Biogrqaphical Sketch of Governor Matthew Talbot

Biographical Sketch of Matthew Talbot
1769 - 1827
Governor of Georgia, 1819; President of the Georgia Senate 1811, 1817-1822

John Lamar Mills

Matthew Talbot accompanied his father when he moved from Bedford County, Virginia to Wilkes County Georgia about 1783.  Among his youthful pursuits were land surveying and service in the Georgia militia, after which he became known as "Captain" Matthew Talbot.  His first marriage was reported in the Augusta Chronicle and Gazette as follows:

            "In Wilkes County, Tuesday the 5th inst., CAPT., MATTHEW TALBOT to the amiable MISS ANNA TWINNING.  Sept. 14, 1799,"

Following in his father's footsteps, he entered politics in 1799 and remained active in state politics for virtually the rest of his life.  He was elected to the Georgia General Assembly in that year and to the Georgia Senate in 1808.  He served as President of the Senate in 1811 and 1817 - 22.  As Senate President, he became Governor of Georgia on October 24, 1819, following the death in office of Governor Rabun.  He remained in that office until November 5, 1819, when the Senate elected his political ally, John Clark, as his successor.  In 1823, he was a candidate for governor but lost in the Senate by one vote.  He retired from politics in 1824, but, once again, was a candidate for governor in 1827, when he suddenly died at his home in Washington, GA.  Politics was obviously his main occupation, but he remained active in business and financial affairs.  One interesting project in which he participated was the founding in 1810 of Georgia's first cotton mill in Washington, GA.  The milling industry did not thrive in the South, however, and soon became concentrated in New England, with raw material provided by Southern plantations.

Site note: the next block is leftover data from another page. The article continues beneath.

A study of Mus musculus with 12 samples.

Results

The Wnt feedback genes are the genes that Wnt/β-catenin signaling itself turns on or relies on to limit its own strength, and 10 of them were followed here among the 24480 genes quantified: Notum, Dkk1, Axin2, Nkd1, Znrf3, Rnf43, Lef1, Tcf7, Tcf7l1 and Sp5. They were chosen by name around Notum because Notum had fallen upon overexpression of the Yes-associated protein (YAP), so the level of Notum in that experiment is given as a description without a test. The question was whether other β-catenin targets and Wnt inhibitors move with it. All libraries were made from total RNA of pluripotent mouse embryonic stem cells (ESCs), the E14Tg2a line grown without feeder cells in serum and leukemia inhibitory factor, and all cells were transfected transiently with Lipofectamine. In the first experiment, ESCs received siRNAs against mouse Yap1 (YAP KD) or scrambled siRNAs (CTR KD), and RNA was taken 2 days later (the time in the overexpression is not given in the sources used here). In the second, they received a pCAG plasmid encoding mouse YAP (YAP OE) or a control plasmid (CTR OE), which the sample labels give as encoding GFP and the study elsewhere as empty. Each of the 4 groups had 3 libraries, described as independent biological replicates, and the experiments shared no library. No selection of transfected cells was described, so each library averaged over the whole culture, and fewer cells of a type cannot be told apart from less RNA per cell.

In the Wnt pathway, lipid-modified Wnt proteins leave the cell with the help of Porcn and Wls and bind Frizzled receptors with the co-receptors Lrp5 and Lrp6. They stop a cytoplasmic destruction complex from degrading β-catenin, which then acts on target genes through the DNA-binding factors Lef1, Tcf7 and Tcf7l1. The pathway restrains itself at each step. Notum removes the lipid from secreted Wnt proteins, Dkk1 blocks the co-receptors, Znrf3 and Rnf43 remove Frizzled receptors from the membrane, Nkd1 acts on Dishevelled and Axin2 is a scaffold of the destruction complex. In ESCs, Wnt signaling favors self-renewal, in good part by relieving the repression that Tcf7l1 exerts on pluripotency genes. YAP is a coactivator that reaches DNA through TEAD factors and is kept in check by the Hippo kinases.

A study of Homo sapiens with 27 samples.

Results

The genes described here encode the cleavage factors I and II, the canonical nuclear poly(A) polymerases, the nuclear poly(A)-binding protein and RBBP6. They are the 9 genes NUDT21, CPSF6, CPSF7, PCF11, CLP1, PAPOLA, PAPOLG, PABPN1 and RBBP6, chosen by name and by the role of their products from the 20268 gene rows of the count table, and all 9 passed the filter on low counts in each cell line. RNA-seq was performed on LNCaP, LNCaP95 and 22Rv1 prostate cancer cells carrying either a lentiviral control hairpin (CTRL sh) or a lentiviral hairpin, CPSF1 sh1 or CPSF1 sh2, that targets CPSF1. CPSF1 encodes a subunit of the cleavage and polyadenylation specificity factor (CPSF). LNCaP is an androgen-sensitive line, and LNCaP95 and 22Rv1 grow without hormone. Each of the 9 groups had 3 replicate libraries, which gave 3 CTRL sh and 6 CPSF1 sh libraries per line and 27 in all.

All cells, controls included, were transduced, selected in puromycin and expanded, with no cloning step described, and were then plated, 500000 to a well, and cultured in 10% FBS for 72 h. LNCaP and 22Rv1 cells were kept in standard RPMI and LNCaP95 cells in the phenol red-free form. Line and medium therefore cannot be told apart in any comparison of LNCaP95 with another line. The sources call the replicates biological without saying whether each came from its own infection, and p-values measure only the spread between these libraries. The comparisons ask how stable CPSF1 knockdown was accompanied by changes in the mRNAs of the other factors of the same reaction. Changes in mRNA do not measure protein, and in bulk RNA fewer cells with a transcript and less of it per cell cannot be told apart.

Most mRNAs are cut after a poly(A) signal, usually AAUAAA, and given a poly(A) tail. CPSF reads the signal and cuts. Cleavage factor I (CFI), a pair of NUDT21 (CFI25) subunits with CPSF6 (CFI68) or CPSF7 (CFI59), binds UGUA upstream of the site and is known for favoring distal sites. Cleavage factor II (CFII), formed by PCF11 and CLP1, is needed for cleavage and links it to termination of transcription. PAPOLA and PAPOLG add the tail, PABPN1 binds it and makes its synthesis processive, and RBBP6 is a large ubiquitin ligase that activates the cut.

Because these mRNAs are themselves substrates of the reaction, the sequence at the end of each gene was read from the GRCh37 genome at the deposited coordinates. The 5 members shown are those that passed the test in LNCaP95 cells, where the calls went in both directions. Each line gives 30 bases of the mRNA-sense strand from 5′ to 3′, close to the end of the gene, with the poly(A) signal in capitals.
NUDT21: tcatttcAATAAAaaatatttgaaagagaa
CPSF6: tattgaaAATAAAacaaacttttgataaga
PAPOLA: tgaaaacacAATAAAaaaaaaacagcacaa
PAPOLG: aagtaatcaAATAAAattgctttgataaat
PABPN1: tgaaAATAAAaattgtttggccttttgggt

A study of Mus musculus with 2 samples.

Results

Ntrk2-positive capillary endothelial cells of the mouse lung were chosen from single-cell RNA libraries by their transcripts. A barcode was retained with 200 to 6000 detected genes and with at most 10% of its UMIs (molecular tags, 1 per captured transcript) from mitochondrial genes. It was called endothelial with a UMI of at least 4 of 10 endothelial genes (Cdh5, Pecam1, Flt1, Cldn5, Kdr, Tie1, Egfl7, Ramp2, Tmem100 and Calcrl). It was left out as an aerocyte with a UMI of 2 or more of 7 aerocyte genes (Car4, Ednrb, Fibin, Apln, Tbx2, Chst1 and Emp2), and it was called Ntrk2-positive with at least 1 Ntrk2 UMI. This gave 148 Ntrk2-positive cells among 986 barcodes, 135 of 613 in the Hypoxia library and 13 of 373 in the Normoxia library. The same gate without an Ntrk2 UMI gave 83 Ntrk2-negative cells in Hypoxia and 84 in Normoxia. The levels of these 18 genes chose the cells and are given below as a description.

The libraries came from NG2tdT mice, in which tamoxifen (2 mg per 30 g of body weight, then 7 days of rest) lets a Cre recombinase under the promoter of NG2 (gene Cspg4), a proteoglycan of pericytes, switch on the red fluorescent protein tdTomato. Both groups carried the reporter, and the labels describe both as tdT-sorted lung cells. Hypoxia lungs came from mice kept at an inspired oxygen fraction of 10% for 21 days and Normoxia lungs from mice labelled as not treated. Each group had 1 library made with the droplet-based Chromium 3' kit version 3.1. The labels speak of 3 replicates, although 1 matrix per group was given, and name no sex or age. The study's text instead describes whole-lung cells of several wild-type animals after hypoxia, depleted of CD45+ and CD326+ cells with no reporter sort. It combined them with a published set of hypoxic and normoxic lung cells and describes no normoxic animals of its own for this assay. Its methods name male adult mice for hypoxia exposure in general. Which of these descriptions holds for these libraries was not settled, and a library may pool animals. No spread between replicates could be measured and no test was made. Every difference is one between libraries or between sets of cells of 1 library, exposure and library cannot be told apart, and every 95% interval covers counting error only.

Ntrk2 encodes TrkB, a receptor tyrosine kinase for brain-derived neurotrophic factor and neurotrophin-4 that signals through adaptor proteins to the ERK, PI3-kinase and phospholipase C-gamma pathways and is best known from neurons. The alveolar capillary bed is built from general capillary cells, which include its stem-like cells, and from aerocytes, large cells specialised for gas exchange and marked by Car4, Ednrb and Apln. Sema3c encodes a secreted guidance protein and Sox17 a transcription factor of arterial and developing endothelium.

Governor Talbot left no will following his sudden death.  His brother, Thomas, was appointed Administrator of his estate.  Although the estate contained substantial assets, it value was reportedly substantially offset by his obligations.  He apparently paid a material price for his devotion to politics rather than business affairs; however, he was awarded the posthumous honor of having a county (Talbot) and a town (Talbotton) named for him.